America Needs the UN
The United Nations is an international organization founded in 1945 on American soil. Its name was coined by American President Franklin Roosevelt. Since its foundation, the UN has played a major role in shaping the globalized world we live in today. The organization works to unite countries, maintain world peace and security, promote human rights and international justice, and ensure economic and social progress. For example, the UN has recently focused on current global issues, such as climate change, the refugee crisis, and disease outbreaks. Despite leading United States politicians’ expressions of skepticism, the UN continues to provide a vehicle through which the US promotes its interests around the world and makes the international system that the US leads possible.
The US has partnered with the UN since its creation and has always supported the UN as an international organization, and a non-state actor that stewards the world’s needs, addresses interdependent issues, and mitigates threats to world peace and security. Both the US and the UN have benefited from this relationship. The UN was established as a peacekeeping organization that aimed to provide an arena for member states to discuss and resolve conflicts. The first conference was held in San Francisco, California where the delegates drew up the UN’s founding document, the UN charter.
According to the UN charter Article 1, the purpose of the United Nations is to maintain international peace and security. The UN is often successful in keeping and building peace in the world, despite not being able to rely on its own coercive military power. Since 1945, the UN has led 71 peacekeeping operations worldwide and has successfully educated many member states about the value of addressing conflict through peacemaking and peacekeeping agreements, rather than by engaging in wars or violence.
The UN-US relationship is based on mutual cooperation. Although the UN has 193 member states, the US is, without a doubt, a special member. It has notable leverage as a beacon of democracy with a strong economy that drives the world’s markets. The former UN Secretary-General Kofi Anna said at the Heinz Foundation at the University of Pittsburgh on October 21, 2003, that “it is no surprise that we owe the very existence of the United Nations to great American President: Franklin D. Roosevelt.” Although the UN acknowledges the relevant role of the US, it also reinforces and encourages cooperation among all nations.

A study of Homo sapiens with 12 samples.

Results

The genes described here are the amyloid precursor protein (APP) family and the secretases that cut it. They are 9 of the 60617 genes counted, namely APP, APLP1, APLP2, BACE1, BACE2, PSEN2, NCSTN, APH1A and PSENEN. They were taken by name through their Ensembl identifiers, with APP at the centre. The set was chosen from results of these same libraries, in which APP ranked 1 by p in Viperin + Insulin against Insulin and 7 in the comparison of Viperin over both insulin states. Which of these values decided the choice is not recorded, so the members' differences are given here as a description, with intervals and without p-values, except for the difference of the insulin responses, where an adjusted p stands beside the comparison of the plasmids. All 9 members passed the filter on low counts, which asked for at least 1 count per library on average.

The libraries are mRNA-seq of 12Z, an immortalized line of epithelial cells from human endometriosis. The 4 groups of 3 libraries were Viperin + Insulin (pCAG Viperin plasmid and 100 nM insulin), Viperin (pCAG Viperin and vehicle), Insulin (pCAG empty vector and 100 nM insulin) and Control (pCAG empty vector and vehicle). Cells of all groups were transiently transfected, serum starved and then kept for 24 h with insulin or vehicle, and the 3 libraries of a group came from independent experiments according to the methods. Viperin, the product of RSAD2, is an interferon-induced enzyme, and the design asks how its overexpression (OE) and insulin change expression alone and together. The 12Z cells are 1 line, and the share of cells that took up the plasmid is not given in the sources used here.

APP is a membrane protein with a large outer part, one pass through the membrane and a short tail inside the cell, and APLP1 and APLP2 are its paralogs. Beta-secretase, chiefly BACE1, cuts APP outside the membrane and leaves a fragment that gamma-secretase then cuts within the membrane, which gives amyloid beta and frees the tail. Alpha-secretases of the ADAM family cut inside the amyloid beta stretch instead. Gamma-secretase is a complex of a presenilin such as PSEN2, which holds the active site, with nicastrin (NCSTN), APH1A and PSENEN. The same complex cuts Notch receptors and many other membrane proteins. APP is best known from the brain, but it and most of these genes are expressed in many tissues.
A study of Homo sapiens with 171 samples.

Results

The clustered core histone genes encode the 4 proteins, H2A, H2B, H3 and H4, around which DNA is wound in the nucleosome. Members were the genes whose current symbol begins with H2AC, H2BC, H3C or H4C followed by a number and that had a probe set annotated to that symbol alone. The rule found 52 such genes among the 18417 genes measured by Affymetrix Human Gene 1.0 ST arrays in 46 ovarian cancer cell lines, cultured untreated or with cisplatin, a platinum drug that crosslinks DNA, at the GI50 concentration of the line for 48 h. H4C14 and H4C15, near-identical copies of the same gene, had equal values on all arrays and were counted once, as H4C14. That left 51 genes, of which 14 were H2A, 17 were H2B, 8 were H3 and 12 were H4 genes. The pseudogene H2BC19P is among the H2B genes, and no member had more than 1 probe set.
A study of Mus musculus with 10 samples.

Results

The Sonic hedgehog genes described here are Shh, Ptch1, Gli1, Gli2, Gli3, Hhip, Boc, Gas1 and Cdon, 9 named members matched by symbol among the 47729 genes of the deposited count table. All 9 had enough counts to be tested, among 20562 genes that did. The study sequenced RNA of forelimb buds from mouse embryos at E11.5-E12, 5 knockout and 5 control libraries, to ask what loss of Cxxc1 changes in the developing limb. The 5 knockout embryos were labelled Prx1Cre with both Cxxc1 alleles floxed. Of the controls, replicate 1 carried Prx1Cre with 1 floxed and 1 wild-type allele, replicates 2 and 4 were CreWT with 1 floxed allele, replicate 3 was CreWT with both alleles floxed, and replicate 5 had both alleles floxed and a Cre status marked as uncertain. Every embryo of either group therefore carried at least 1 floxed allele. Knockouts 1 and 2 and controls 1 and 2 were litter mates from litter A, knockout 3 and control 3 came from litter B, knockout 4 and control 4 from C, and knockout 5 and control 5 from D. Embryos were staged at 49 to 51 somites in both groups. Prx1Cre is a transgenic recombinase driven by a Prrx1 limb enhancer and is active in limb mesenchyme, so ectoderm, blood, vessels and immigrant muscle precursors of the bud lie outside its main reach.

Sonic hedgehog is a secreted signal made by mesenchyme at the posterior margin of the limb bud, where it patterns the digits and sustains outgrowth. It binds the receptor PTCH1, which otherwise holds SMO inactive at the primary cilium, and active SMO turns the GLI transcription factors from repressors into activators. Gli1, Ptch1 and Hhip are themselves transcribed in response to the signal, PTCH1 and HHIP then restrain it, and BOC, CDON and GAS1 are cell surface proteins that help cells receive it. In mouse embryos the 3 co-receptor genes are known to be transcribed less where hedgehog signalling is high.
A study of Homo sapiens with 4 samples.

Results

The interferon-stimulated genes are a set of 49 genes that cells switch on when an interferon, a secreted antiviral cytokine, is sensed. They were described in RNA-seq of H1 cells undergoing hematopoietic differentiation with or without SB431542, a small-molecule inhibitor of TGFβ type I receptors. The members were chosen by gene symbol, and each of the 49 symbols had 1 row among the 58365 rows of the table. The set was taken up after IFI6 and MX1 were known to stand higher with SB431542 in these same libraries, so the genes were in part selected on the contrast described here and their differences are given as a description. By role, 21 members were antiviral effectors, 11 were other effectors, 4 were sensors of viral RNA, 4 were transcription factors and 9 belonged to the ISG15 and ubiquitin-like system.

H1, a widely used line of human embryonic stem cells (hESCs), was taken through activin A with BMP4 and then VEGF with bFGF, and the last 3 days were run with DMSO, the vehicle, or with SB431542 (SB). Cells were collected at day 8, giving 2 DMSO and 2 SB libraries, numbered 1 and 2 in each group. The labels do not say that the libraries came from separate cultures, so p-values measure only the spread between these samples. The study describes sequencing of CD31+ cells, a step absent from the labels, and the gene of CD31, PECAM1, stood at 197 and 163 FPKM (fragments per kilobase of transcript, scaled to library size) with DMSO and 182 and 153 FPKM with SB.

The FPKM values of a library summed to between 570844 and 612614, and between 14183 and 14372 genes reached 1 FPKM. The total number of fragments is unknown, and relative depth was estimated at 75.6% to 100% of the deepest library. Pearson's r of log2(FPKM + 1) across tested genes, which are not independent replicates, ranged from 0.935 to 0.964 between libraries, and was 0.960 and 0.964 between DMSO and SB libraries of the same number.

The US is connected to the UN in multiple ways, but the lion’s share of its influence comes from its position as a permanent member of the UN Security Council (UNSC), whose goal is to maintain and promote world peace and security. The UNSC has 15 members, 5 permanent, and 10 non-permanent members who are elected every two years. The US holds one of these 5 permanent chairs. Each member has the right to one vote. All UN members can participate in the discussions, but only the 15 UNSC members can vote. Any member, state or party involved in a dispute may participate in the discussions, but has no right to vote. The UNSC calls upon its members whenever international peace and security is threatened. Passing a resolution requires 9 positive votes. Five of the permanent members have the right to a veto. If only one of the 5 casts a veto, the decision cannot be approved. Since the existence of the council, the US has already used the right of veto 79 times.
The UNSC summons its members and the parties involved in the dispute to settle peacefully when there is a world threat, pursuing solutions to promote and restore world peace via diplomatic approaches such as authorizing sanctions and peacekeeping missions. If it is necessary, the UNSC has the right to authorize the use of military force to maintain or restore world peace and security. For that reason, the UNSC is responsible for the deployment of the Department of Peacekeeping Operations (DPKO). The UNSC must adopt a resolution that is approved by its members in order to establish a peacekeeping operation. The peacekeeping missions attempt to foster stability in many countries by keeping the peace, promoting human rights and facilitating both economic and political development.
The UN has helped the US advance its foreign policy interests and shape outcomes through striving for stability and facilitating interstate cooperation in order to create and maintain the liberal world order which benefits the US.
The UN also provides other avenues for cooperation through its multiple agencies. For instance, in concrete national security terms, the UN helps keep America and its allies safer through cooperation. For instance, the UN framework has already created 19 international treaties on counterterrorism partnerships.
One criticism of the UN is that it is wasteful and spends too much. On the contrary, because the US often holds the purse strings for most of the UN budget, it has enormous influence over possible reforms. Because the US is the largest financial contributor to the UN, contributing more than 25% of the UN annual budget, and 28% of its peacekeeping budget, the US needs reforms to be effective to see some return on investment. At the General Assembly on September 18, 2017, UN Secretary-General Antonio Guterres said “he shared Trump’s vision for a less-wasteful UN that will live up to its full potential.” Even though the UN has imperfections, the UN’s proposed reform in response to the US requests indicates the cooperative relationship between the UN and the US endures. The US and UN cooperation remains as essential as ever in order to maintain the current ordered liberal world.